Walmart Has The Power to Say No to High Prices Set by Suppliers — But We Don't. Here's What Small Businesses Can Do to Reduce Costs.
With the economy slowing, the retail giant warns vendors not to raise prices. But small businesses can't flex like Walmart. Here's what you can do to keep supplier and vendor costs down.
The article says Walmart's Chief Executive Doug McMillon "delivered the warning in person last month in an appearance before companies that produce products sold by the company's Sam's Club chain. Inside a hotel auditorium, he said Walmart would be pushing back against suppliers' efforts to raise prices, according to people familiar with the situation. Innovative products will spur more purchases, he added, according to these people."
My clients chuckled along with me when they read this story. "Wow," said one who echoed the sentiments of most others. "Must be great to be Walmart, don't you think?"
It surely is. But unfortunately, most businesses can't do this. We can't just tell our suppliers, "hey, that's it, no more price increases." We're not Walmart. But there are plenty of things we can do to minimize price increases and maximize the relationships we have with our vendors and suppliers, particularly in these difficult times of high inflation and supply chain challenges. And my best clients are doing these things right now.
For example, I've seen many companies step up their vendor communications over the past few years. They've doubled down on their customer relationship management platforms by scheduling updates, reminders, alerts and workflows to automatically send emails and texts to vendors about open orders, lead times and delivery dates. They're on the phone weekly — even daily in some cases — with their key suppliers to make sure commitments are on track. They're creating web portals showing order status that integrates with their suppliers' systems. They're doing this so that their customers have as much information as possible. By doubling down on communications, my best clients have improved their relationships with their vendors and together have worked hard to avoid any surprises that would upset any of the parties involved.
And you know what my best clients also do? They pay their vendors on time. Please don't listen to the consultants and "experts" who advise you to "squeeze your suppliers" and "leverage them for financing." This is not how you build a successful relationship. This is how you upset a strategic partner. Because how would you feel if a customer independently and without warning extends their payments because they're "leveraging" you for their own finances? What happens the next time that customer has an urgent need for your products? You'll likely put that customer behind the other customer who pays well and treats you with respect. That's how you should be behaving with your vendors too.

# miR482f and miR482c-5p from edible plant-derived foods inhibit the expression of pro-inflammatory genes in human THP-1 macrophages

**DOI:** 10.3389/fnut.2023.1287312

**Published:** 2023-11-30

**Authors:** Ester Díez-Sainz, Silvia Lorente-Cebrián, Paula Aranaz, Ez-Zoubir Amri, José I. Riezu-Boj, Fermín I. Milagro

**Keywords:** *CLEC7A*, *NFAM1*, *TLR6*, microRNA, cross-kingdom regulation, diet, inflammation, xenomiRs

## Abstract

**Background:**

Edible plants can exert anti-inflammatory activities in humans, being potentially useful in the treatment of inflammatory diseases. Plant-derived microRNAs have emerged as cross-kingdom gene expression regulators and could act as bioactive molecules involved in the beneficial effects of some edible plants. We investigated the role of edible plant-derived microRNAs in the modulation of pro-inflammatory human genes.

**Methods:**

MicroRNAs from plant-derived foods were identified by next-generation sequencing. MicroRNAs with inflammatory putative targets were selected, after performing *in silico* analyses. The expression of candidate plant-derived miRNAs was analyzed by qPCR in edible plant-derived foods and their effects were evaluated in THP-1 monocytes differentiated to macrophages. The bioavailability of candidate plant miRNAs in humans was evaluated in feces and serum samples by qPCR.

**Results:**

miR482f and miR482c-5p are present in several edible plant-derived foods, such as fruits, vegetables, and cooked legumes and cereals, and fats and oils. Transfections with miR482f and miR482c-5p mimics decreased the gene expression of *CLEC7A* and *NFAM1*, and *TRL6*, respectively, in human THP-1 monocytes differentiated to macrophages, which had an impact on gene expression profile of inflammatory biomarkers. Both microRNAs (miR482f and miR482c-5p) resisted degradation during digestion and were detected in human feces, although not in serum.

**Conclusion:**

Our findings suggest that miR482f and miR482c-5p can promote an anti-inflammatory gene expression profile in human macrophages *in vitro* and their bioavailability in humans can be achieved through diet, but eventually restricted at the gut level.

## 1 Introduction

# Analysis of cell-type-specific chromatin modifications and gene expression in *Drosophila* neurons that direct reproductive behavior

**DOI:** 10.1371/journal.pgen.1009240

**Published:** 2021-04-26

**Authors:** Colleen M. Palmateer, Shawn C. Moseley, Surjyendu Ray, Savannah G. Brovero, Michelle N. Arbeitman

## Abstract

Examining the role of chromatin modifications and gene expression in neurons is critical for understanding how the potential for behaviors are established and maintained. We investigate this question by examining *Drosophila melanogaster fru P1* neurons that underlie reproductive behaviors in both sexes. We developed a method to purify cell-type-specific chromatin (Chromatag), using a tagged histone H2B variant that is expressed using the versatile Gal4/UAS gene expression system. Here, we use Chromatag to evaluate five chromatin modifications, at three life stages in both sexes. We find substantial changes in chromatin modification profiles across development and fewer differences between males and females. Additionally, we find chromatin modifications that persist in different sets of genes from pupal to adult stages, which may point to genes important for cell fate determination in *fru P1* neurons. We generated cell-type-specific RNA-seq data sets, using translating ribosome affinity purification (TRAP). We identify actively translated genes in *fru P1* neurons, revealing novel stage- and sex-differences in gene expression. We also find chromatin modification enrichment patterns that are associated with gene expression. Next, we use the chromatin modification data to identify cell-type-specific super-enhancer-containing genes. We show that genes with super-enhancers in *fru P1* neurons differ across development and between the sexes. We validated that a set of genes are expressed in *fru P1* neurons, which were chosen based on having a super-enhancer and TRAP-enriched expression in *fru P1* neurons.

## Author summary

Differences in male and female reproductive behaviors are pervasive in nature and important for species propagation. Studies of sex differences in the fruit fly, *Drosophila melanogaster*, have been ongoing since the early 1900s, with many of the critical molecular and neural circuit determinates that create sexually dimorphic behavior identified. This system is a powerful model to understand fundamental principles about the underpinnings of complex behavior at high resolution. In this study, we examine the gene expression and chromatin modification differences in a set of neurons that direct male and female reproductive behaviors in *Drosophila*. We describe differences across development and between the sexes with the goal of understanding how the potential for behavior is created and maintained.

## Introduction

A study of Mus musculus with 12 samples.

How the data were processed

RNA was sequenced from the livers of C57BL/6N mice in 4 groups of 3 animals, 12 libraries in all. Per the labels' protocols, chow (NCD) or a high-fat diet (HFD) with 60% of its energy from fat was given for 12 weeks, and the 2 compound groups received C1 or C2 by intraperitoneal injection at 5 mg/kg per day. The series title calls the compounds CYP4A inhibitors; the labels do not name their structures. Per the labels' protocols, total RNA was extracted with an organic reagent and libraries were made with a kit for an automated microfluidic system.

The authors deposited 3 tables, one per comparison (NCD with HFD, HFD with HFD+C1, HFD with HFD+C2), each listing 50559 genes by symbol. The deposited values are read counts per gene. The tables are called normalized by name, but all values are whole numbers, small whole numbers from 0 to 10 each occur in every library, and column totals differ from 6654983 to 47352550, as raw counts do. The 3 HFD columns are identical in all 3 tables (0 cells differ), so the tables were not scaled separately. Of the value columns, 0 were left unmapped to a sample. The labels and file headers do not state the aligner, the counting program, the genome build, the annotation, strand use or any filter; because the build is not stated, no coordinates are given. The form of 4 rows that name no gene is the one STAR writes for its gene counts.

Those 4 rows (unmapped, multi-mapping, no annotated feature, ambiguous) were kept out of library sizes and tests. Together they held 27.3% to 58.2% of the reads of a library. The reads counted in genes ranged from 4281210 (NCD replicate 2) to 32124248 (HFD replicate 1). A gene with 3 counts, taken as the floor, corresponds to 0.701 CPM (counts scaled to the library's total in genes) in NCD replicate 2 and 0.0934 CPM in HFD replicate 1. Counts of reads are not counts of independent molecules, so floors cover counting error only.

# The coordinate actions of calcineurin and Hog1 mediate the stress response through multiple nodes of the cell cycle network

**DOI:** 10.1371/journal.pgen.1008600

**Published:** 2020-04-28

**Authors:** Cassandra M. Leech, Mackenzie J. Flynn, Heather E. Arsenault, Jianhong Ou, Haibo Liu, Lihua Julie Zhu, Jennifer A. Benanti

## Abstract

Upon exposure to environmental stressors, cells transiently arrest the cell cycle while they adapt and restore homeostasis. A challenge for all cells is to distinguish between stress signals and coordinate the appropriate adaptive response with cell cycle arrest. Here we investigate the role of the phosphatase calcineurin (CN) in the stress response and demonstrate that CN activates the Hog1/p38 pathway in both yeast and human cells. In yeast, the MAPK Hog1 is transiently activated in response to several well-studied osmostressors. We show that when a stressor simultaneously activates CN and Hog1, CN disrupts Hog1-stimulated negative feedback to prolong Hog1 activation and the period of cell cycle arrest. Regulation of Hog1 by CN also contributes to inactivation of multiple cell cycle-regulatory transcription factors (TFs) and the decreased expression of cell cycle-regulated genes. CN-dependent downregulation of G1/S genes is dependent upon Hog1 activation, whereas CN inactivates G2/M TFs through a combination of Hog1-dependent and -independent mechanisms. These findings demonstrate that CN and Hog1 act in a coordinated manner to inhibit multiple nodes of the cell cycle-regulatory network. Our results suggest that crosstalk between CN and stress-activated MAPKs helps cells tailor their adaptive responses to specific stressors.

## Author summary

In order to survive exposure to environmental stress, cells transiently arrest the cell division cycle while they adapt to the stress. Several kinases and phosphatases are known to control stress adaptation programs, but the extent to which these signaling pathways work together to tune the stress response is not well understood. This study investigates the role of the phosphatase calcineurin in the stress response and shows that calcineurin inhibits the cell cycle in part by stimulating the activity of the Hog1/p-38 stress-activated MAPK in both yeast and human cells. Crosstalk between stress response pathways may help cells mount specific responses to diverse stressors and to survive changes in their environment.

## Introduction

Speaking of paying on time, many of my clients hunt for discounts by paying early. Some suppliers like to offer early payment discounts so, if you've got the cash, why not take advantage? In many cases — particularly where standard 2% discounts are offered within ten days of payment — the money you can save is significantly higher than leaving that same cash in the bank. So if your cash flow can accommodate, then take advantage of those offerings. Your vendor will love you. And so will your accountant.
To really maximize your vendor relationships, plan ahead. My best clients who have been running their companies for years all have this one thing in common: they're always thinking of the future. They don't like surprises. They do their best to know what's coming before it happens. Look at your historical purchasing patterns. Analyze your open orders and jobs. Dig into your prospect pipeline of pending projects. From there talk to your suppliers and make longer-term commitments. They'll love you for that because who wouldn't love someone that's promising something in the future (and of course who meets those promises)? In return for their love — and maybe an upfront deposit — ask for better pricing. You'll probably get it if your order is big enough.
All that love is great, but regardless of being loved let's also admit that relying on just one vendor isn't exactly the best strategy. Things change and circumstances sometimes get beyond people that have the best of intentions. As we know, sometimes people don't do what they say they're going to do. And when that happens you're stuck telling a customer that their order is delayed because a supplier is delayed. You need to avoid these situations and the only way is to make sure you have alternates. I don't care how loving your supplier relationships are, people fall out of love all the time. So make sure you've got backup suppliers in place. Spread some purchases around to keep them happy. Include them in your communications and nurture your relationships so that — if push comes to shove — you can move to Plan B if need be.
Finally, the best way to improve your vendor relationships is to not only buy more stuff from them but to also help them grow their businesses. Refer them to customers when you can. Make introductions. Include them in your business network. These are your partners. The more you help them succeed the more they'll be able to help your business.
No, you're not Walmart and neither am I. We can't just tell our suppliers not to raise prices. But we can minimize costs and maximize our relationships with them by just taking the steps I've suggested above. Given the economic environment we're in, this is not just a best practice. It's a must-practice.